Does your client get in the way of good work?

I’ve recently become hooked on Mad Men.  I can’t believe I've never spent the time to watch it before and now I can't stop. I hang on every word Don Draper says – I love to hate him.

Look how cute I would be as a Mad Man character. I would totally wear hats to work. 
I had to pause it the other night (I was on a Mad Man bender and it was about 1am on a school night – don’t tell my mom). Don Draper told a client, “Most ad men believe that clients are the thing that gets in the way of good work” when that client was rejecting his pitch.

This interested me. Does the customer know best? Or do we (marketing people) know what’s best for the client? I actually believe both are correct. Here's why: The experts in our field find a way to compromise without feeling like creative has been stifled, and without the customer feeling like they didn't get what they wanted.

As you watch Mad Men episodes, notice just about every pitch ends up slightly changed in the end. Don makes the pitch – someone doesn't agree with the angle – then, Don or Peggy (I love Peggy) puts the slightest twist on the original idea, elevating the campaign to an even greater level. The customer pushes back and they all come together with the best ideas. THAT is what makes Mad Men great.

This is why marketing needs a seat at the table. To truly integrate creative ideas with sound business focus, both marketing and client need to speak a common language. If you’re in marketing – ask questions. If you don’t know what they are talking about, ASK! You can’t create promotional content if you have no idea what you’re talking about.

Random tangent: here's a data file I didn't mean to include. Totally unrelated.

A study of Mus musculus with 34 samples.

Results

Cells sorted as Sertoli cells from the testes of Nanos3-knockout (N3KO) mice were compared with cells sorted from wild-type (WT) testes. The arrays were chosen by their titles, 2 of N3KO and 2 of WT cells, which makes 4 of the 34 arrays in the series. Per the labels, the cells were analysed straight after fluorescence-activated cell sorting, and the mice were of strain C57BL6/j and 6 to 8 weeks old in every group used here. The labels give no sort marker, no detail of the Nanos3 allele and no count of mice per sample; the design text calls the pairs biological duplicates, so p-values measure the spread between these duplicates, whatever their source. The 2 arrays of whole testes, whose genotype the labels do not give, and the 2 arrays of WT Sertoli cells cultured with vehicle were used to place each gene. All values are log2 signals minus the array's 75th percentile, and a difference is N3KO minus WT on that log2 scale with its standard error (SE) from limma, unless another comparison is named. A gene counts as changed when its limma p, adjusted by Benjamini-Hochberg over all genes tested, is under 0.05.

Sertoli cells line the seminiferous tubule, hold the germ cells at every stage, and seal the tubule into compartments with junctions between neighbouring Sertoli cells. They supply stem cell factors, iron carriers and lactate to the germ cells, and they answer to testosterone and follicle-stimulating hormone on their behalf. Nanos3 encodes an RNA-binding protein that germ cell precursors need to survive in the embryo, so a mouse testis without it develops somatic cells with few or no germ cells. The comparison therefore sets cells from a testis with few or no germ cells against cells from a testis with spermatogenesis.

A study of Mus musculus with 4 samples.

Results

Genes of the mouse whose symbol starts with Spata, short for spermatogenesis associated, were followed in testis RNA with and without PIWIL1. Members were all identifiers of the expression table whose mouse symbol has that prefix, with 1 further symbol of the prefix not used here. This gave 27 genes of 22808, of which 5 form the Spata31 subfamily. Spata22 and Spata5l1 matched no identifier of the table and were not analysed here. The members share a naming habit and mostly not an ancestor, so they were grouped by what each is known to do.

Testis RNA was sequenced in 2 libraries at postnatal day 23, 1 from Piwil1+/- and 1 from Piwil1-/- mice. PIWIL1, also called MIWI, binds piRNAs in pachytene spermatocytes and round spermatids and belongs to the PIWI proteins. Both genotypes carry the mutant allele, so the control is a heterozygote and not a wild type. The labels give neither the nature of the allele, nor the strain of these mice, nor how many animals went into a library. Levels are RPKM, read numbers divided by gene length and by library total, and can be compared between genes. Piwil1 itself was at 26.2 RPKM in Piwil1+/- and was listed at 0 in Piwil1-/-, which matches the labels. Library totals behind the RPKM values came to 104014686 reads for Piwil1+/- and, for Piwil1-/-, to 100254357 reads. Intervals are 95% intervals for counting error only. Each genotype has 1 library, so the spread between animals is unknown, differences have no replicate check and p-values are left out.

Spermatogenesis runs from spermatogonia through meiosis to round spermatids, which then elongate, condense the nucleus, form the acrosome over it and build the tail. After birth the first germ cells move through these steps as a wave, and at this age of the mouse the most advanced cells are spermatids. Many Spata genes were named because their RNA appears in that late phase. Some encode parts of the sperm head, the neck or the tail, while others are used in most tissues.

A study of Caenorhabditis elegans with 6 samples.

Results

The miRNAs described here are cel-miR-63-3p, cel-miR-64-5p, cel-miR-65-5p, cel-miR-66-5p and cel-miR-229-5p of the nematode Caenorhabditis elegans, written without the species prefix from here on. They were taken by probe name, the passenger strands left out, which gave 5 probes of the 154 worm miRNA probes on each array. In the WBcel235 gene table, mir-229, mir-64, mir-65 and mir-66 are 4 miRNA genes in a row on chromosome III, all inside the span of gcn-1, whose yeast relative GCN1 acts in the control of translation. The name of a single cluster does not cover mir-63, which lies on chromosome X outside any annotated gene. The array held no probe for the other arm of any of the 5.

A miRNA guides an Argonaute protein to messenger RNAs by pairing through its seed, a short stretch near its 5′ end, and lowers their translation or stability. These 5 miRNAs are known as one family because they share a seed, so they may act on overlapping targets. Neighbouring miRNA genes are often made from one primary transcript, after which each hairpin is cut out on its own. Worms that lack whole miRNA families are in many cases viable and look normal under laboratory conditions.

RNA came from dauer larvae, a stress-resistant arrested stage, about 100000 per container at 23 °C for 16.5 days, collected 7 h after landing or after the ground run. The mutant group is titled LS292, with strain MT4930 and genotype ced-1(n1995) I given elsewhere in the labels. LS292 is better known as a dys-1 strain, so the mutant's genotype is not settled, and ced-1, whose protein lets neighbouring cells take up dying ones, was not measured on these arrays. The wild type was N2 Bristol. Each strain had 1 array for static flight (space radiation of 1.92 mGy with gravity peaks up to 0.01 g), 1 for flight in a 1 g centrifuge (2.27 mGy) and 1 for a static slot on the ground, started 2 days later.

Speaking to the client: whether you are, an internal group, salesmen, engineers – whoever – take a moment to listen to your marketing team. Invite them to the conversation, and make sure they understand. If they fall asleep in your meeting, you don't have the right person. Someone from marketing needs to be a honorary member of your team to understand your goals and make suggestions for how to get there.

When you get to the creative and content planning stage, take time to open your mind and speak up when you think it could be “tweaked.” Don’t force your opinions on the marketing expert. Find a common ground. You can’t do what you've always done - it doesn't work forever. Be ready to make changes and try new things - yet hold on to the core values for your company and your product.

Dear Client: if this is what is happening, you're doing it wrong. 

The good thing about today’s Mad Men is that we can provide measurement. You don’t have to wait months to see if the sales team said, “I like that campaign”. You can see immediate engagement, who’s forwarding your emails, who is downloading your infographic, who is sharing your blog post, how many people are interested in your video interview.  Press for that engagement, ask for the numbers – they are there!

I believe my next post will be about how to set up your marketing conversation. I've been on good teams, I've been on bad teams, and I've been on amazing teams. Each one teaches you something new. I'm looking forward to showing you how to set up your own team for success.